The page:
Toronto, Canada 1984: Commonwealth finance ministers warned of the dangers posed by rising interest rates to highly indebted developing countries at a major summit.
Commonwealth finance ministers warned of the dangers posed by rising interest rates to highly indebted developing countries at a major summit in 1984.
As governments around the world grappled with the after effects of the early-1980s recession, finance ministers gathering in Toronto, Canada, from 19-20 September 1984, stressed the need for international financial institutions to play a “fuller role” in the debt crisis.
Accepting the findings of a major report, ‘The Debt Crisis and the World Economy’, undertaken by a Commonwealth Group of Experts, the ministers urged international institutions to commit resources and policies to promote long-term adjustment and sustained growth in debtor countries.
“Ministers were conscious of the dangers that still existed because of developing country indebtedness for the stability of the world financial system as well as for the economic, social and political fabrics of those countries,” they stated in their final communiqué.
“Despite the action so far taken by debtors, banks and by the international institutions, the international financial system remained under serious strain ... Special attention needed to be paid to the serious debt problems of many low-income countries arising in particular from debt.”
Sub-Saharan Africa and other developing regions were at the time badly affected by the recession that emerged in the USA in the early 1980s. Interest rates were again on the rise, while commodity prices were falling, raising doubts whether developing countries could service their debts.
The Commonwealth Group of Experts, led by former UK Minister Lord Lever of Manchester, was commissioned at the New Delhi Commonwealth summit in November 1983 to look at the management of developing countries’ debts.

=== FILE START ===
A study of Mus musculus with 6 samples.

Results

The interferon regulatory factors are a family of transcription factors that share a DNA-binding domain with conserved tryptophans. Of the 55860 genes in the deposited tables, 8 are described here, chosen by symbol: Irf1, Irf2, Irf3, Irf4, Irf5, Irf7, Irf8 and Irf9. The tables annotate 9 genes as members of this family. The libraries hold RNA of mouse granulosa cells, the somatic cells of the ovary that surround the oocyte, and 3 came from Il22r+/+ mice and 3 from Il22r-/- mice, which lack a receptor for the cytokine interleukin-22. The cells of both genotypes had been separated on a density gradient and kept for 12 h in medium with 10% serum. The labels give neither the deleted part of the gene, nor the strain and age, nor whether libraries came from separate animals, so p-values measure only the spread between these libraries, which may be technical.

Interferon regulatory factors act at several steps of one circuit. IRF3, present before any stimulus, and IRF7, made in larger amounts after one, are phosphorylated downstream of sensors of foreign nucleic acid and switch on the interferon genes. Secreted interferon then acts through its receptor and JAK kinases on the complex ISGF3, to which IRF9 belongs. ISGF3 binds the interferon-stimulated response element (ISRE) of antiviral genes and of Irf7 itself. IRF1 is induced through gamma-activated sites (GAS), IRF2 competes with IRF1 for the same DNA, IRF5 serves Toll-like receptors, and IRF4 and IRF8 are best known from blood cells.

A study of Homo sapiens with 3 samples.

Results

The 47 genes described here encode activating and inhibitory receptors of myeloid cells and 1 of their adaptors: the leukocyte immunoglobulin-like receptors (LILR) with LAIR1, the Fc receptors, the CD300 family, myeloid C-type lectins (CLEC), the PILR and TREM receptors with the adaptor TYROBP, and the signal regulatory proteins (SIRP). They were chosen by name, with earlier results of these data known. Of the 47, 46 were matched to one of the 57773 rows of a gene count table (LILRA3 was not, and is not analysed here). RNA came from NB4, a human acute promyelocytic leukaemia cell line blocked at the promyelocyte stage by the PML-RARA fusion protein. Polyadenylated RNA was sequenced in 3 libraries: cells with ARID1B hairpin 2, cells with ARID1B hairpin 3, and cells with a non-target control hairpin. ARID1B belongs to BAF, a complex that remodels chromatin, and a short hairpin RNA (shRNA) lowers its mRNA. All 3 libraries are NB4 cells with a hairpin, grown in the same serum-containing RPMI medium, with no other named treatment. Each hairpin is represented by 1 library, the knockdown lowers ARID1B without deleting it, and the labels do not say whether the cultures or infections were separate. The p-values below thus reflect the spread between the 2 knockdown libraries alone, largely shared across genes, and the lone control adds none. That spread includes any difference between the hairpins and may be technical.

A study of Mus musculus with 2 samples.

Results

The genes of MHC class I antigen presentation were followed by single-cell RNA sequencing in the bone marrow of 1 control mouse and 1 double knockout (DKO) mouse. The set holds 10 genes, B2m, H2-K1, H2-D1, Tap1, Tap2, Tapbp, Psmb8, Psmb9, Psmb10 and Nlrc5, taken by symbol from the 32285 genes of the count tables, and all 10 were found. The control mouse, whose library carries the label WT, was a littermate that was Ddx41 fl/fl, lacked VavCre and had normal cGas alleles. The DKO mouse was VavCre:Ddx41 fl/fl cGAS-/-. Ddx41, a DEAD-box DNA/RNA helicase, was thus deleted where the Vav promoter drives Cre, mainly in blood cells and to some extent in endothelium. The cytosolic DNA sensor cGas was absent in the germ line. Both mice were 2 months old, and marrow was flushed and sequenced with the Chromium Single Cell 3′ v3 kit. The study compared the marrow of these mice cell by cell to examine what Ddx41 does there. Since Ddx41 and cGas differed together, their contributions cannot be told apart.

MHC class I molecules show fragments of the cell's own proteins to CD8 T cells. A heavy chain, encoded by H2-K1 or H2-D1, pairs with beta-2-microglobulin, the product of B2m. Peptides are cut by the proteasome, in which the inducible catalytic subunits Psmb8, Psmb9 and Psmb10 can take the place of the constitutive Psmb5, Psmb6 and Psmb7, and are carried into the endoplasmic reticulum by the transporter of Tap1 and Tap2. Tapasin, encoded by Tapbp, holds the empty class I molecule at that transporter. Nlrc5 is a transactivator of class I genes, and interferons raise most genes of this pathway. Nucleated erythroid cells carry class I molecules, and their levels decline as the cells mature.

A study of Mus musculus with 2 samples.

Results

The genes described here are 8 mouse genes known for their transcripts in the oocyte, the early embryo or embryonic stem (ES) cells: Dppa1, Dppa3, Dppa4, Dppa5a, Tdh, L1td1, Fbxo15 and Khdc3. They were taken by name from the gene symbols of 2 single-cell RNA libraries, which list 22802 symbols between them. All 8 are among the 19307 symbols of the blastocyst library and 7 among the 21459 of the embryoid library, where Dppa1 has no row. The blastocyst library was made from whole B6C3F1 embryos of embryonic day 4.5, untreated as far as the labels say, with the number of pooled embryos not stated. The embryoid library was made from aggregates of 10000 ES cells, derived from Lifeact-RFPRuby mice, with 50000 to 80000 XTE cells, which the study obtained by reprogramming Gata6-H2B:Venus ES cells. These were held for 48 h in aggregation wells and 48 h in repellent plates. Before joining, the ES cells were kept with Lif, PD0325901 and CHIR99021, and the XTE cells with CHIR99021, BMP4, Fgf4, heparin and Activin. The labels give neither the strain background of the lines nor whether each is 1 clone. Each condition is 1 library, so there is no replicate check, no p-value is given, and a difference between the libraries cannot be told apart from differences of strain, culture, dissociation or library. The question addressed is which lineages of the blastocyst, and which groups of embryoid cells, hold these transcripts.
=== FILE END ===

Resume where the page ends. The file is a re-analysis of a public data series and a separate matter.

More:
The report concluded that the world’s financial stability was on a “knife-edge”, declared that existing financial flows were “unsustainable” and urged international institutions to recognise the gravity of the debt crisis faced by developing nations.
Commonwealth Secretary-General Shridath Ramphal, writing in the report’s foreword, accused the international community of being “wholly indifferent” to the difficulties of the poorest countries.
He said: “Patched-up arrangements – rescheduling of bank debts, new lending to help pay interest on outstanding debt, IMF [International Monetary Fund] loans on conditions of severe austerity for debtor countries – have for the moment, bought time. But the source of instability remains and some of the short-term solutions may have deepened it.
“Some [countries] have reached the stage where access to credit even for the most essential imports is being denied.”
Since 1985, the Commonwealth’s internationally renowned Debt Recording and Management System has been assisting countries to record and manage their external and domestic debt. Over 60 nations use the system to record, monitor and analyse their debt positions including countries and territories outside the Commonwealth, such as Afghanistan and Kosovo.